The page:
Clifton Water District Micro/Ultrafiltration Water Treatment Facility (CO)

Challenge

The Clifton Water District was formed March 5, 1951, as a special district within the laws of the state of Colorado encompassing approximately 10,720 acres. In 1957, the District began construction of a water treatment system to serve 321 service connections. By the end of 2012, the District was serving 11,088 active taps that service 13,700 residential and commercial units. Single-family, multi-family, and trailer park units comprise 97% of the District’s accounts, with the remaining accounts belonging to commercial retail stores, gas stations, and restaurants.

The District needed a means to cost effectively utilize their existing groundwater supplies and eliminate the need to purchase potable water from an outside supplier. Their existing conventional treatment system was no longer able to treat their source water to meet state regulations. As such, they wanted an efficient water treatment plant with the flexibility to adapt to changes in source water quality that would serve them into the future. They also needed to keep a portion of the existing facility in operation during construction and build the upgrades using the same footprint as the decommissioned portion of the plant.

Approach

The District decided that progressive design-build would allow them the flexibility to engage in the design, while sequencing the project to work around their existing operations. The District selected the Carollo Design-Build Group, a general partnership between Carollo Engineers, Inc. and PCL Construction, Inc., to assist them with a two-stage procurement process. Together, the Carollo Design-Build Group delivered a project that upgraded Clifton’s WTP with an “open platform” ultra and micro membrane filtration system in the area that was once two conventional treatment trains. The project approach was crafted to mitigate the following critical issues:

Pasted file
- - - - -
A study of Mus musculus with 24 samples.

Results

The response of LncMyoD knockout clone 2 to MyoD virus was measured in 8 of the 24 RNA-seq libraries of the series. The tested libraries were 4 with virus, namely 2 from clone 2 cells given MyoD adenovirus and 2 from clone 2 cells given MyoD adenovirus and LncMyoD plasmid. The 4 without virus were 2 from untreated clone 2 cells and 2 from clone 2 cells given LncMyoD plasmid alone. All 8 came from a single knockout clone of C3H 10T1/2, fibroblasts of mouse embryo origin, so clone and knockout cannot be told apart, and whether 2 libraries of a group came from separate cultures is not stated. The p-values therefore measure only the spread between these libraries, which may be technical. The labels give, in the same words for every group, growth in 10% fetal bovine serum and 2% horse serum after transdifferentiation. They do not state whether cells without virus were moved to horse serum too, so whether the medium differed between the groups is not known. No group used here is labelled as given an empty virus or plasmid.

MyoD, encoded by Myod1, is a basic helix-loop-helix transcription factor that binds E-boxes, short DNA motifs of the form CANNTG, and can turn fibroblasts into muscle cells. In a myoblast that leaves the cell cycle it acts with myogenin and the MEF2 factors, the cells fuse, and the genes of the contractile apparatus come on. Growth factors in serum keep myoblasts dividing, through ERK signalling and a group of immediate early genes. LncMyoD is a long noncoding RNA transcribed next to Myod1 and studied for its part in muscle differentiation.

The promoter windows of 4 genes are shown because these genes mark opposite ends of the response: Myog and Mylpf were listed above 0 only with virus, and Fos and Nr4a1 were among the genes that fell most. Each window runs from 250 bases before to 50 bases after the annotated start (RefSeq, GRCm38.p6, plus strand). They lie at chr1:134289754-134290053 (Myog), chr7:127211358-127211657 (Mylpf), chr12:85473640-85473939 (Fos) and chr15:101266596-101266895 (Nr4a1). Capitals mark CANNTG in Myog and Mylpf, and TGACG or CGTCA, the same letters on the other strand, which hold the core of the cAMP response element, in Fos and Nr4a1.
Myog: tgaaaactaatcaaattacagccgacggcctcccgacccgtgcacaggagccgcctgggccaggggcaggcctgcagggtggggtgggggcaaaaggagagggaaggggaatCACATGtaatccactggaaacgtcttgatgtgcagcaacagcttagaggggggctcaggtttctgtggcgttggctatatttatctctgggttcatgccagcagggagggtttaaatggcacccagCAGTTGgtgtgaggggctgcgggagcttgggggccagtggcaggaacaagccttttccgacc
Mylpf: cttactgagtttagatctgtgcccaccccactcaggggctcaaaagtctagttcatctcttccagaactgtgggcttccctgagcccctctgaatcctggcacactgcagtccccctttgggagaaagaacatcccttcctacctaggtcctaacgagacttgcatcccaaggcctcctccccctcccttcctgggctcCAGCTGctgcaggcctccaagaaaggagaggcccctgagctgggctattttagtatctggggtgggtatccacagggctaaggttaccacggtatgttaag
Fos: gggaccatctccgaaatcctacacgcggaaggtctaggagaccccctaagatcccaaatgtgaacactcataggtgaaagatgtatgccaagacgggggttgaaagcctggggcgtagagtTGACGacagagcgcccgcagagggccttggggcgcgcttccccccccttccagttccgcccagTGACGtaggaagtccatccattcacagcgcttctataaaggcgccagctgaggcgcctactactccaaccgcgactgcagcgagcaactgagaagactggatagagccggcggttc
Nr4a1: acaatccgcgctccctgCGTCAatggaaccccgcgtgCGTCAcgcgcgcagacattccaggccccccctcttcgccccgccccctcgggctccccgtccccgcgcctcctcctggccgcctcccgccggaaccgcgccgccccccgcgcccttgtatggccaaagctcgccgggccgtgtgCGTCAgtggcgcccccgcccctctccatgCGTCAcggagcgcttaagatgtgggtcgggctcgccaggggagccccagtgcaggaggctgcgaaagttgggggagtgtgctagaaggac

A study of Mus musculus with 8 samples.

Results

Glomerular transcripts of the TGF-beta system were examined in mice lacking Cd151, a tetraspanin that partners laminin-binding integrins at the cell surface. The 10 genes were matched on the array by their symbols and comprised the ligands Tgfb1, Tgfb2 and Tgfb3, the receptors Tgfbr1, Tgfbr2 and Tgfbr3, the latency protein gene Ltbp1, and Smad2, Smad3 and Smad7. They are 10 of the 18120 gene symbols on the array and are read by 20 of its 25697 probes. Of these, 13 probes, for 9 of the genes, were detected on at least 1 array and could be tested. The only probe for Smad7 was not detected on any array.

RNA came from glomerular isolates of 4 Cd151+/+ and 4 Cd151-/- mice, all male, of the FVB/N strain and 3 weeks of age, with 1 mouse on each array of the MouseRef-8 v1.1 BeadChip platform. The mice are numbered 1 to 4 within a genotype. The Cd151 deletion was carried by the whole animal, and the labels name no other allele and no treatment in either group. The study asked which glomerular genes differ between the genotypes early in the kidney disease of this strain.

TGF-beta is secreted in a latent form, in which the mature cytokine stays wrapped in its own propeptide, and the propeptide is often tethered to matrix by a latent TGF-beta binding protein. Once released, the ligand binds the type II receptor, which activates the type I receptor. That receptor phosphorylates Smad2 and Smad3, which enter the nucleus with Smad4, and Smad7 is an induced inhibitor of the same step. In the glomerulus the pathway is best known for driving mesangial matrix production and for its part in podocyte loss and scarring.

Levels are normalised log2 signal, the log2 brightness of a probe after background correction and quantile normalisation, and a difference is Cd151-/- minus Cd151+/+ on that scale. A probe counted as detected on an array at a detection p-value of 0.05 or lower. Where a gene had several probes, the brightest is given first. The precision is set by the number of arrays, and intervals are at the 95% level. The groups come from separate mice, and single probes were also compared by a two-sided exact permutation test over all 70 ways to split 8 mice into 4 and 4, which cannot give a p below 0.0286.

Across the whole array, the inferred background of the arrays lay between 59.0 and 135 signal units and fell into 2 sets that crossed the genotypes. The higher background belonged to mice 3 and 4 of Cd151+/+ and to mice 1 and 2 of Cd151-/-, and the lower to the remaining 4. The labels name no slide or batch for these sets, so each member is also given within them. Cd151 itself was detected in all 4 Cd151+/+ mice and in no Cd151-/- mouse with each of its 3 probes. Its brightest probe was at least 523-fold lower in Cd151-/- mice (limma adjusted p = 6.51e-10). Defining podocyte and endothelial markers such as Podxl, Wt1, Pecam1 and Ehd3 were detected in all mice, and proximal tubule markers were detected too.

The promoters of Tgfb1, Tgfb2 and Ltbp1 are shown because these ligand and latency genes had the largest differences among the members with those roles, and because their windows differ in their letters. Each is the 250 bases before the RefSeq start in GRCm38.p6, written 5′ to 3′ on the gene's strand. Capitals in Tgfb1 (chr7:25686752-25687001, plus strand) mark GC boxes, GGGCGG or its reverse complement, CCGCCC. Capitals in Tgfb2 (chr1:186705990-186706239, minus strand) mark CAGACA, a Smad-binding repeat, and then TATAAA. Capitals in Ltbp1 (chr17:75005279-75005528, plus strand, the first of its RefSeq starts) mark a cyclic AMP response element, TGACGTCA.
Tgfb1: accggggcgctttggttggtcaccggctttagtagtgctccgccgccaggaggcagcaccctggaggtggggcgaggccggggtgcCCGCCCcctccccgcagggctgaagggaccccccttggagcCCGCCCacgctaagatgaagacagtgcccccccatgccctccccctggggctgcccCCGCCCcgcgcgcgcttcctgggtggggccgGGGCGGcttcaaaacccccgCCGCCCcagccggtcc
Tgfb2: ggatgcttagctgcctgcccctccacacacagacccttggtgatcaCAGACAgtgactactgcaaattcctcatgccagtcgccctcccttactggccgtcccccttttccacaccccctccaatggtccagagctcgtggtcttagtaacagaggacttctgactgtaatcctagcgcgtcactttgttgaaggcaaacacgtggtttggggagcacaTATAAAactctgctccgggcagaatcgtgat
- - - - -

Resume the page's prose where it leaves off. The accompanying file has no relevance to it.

• Capacity loss from long-term membrane fouling
• Capacity loss specifically from pretreatment polymers
• Lack of competition in membrane procurement
• Reliable membrane integrity
• Changes in source water quality

Results

Selection of the progressive design-build approach allowed the District and the Carollo Design-Build Group to collaborate closely on implementing the project. Early price certainty afforded by the progressive design-build approach allowed the District to allocate needed funds before completion of design. Working closely with the manufacturer, the team was able to secure early procurement of the membrane equipment, which was a great schedule advantage. This also allowed the designers to work the rest of the design around the exact process equipment, making for a more efficient design. The project was delivered on time and allowed the District to utilize their existing groundwater supply in the summer of 2015 and avoid purchasing much more expensive water from an outside supplier. The project was recognized by DBIA as a National Award of Merit winner for water/ wastewater in 2016.